After closing their doors in February due to the coronavirus pandemic, the Emerald Coast Wildlife Refuge is open again in a new location, but with the same mission. 

ECWR’s Dec. 7 grand opening in Holley-Navarre was short-lived as businesses closed their doors. Out of caution and respect, the nonprofit closed to the public and canceled its annual golf tournament fundraiser. Then, about three weeks ago, the refuge’s marine mammal recovery truck was stolen. 

But things are looking up. The refuge is again open to the public where people can tour the property, visit with the ECWR ambassadors, and learn more about conservation and caring for wildlife. And the truck was recovered Tuesday afternoon — a big relief said Stormy Andersen, ECWR executive director. 


Stormy and her husband, Bill, have been longtime volunteers with the refuge. In 2017, they donated the undeveloped property on Clopton’s Circle, off State Road 87 in Navarre. With its Florida native plants and open space, it was a better fit for the refuge and the animals that live there. 

“We saw that there was a need for something better than what the refuge had and we were in a position that we could help,” said Stormy. 

The new facility cost nearly $1 million, said Bill Andersen, emeritus board director. From the post and rope barriers made by local Eagle Scouts to the paved patio and pollinator garden from the Navarre Garden Club and a local Girl Scouts Troop to the countless donations there was a lot of community buy-in, said Bill.

“We’re a really inclusive organization and we wanted this place to be for our community,” he added. “We had faith when people saw the vision for the animals that they would step up. In time, we want to open the facility to be a venue for organizations or book clubs.” 

The mission of ECWR is to rescue, rehabilitate, and release animals back to their homes. But not every animal is able to be released. Like Sheldon, the African spurred tortoise, who was found abandoned at a truck stop with a deformed shell, or Aries, the red shouldered hawk, who is dependent on humans for care. She was gifted to ECWR from the Audubon Center for Birds of Prey after Bill completed an apprenticeship at the center last year. At the new facility, the public can tour the site and visit critters like Sheldon and Aries. Visits weren’t possible at the old location. 

So far this year the rescue has cared for more than 730 animals. There are currently 130 in their care. Staff, interns and volunteers have their hands full caring for a menagerie of baby animals including opossums, raccoons and birds. 

“Despite COVID-19, we’ve had a huge influx of animals,” said Michelle Pettis, director of medical care. “It could be because more animals just live out in this particular area of the county.”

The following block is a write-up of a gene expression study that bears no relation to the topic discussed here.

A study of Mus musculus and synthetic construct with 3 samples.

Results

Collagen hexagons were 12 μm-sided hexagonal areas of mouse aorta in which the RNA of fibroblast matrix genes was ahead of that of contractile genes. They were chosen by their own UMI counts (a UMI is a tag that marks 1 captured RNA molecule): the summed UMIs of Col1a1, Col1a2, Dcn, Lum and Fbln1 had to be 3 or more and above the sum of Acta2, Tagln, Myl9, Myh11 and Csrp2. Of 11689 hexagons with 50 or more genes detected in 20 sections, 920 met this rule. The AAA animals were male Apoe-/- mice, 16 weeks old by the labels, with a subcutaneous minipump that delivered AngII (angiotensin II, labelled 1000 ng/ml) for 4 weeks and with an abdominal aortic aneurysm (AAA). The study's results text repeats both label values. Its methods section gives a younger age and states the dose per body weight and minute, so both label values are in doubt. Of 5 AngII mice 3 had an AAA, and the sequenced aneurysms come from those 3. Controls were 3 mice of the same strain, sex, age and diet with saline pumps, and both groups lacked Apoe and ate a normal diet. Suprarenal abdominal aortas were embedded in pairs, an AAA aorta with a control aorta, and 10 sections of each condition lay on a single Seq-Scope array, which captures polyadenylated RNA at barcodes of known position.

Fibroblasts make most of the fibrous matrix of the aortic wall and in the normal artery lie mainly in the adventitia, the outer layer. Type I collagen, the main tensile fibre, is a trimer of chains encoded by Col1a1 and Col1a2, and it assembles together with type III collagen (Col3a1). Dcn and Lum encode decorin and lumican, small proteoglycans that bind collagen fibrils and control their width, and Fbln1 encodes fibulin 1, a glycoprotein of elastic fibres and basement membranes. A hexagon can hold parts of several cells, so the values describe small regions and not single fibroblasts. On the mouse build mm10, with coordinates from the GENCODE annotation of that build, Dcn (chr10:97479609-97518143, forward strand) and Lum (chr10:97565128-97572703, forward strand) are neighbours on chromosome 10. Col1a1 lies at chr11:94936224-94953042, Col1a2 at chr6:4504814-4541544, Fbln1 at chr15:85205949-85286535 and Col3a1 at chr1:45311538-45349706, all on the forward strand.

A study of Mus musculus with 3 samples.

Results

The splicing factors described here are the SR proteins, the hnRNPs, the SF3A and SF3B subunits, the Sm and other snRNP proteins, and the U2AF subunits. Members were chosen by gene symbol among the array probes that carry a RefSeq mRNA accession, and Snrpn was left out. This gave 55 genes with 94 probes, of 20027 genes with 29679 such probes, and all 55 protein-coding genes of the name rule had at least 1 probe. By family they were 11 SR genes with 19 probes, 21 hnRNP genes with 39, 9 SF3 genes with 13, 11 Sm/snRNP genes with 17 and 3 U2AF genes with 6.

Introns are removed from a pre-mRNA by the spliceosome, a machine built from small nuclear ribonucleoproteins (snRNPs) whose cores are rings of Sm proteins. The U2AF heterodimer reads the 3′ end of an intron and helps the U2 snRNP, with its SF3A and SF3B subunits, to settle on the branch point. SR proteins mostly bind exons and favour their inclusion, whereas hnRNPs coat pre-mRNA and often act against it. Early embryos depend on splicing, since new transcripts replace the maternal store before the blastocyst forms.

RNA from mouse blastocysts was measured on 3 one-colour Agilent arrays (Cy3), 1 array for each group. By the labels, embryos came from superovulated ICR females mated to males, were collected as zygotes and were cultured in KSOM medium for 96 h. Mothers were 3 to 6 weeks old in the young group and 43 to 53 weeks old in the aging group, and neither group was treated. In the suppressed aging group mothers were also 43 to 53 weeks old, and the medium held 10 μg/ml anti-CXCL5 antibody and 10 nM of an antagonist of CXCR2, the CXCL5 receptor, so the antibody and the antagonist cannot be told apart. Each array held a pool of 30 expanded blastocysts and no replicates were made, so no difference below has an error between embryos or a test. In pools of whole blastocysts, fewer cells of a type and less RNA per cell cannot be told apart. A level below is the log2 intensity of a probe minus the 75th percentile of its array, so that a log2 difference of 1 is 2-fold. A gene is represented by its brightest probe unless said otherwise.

It’s not always about cute, baby animals, however. In January, the refuge recovered a dolphin with a bullet in its left side along Pensacola Beach. They performed a necropsy and provided information to NOAA’s Division of Law Enforcement. Last year, they responded to a stranded Gervais’ Beaked Whale. Since little is known about the protected species, they worked with the Smithsonian to provide tissue samples. 

“It’s not just rescuing baby squirrels,” said Bill. “The refuge is trying to further the science to better help conserve and manage these often very highly endangered or threatened species.” 

Pettis has worked at ECWR for three years. After working in an old fire station in dire need of repair, she likes having a clean slate.

“It opens the door for us to create how we want everything to flow,” she said. “We’re really paving the way for the whole first year of the facility so that’s really exciting.” 

The new facility also allows for more internships. On Tuesday afternoon, there were six interns working at the refuge — a record said Stormy. 

Shelby Andersen (no relation) has been an intern for just about three weeks. She’s studying biology and wants to work in zoos. Working at the refuge on the educational side has broadened her perspective. 

“I’ve learned a lot more about education for the public; how to inform people on wildlife they see in their backyard; and how to care for that specific animal instead more the big, broad stuff you see at the zoo,” she said. 

ECWR has worked with schools to offer education on wildlife conservation. Now, with the new facility, they can offer programs at the refuge once field trips and group gatherings can resume.

Stormy had a vision of what the property could become. Seeing it realized, she’s still in awe. 

“When I go home at night, I still get the chill bumps,” she said. I don’t feel like I’m anyone so special that it could’ve only been me. To come from where we were … and to see the fulfillment of the idea … I take great pleasure in having been a little part of it.” 

ECWR is located at 3051 Clopton’s Circle. Watch the Facebook page for hours of operation as they may change.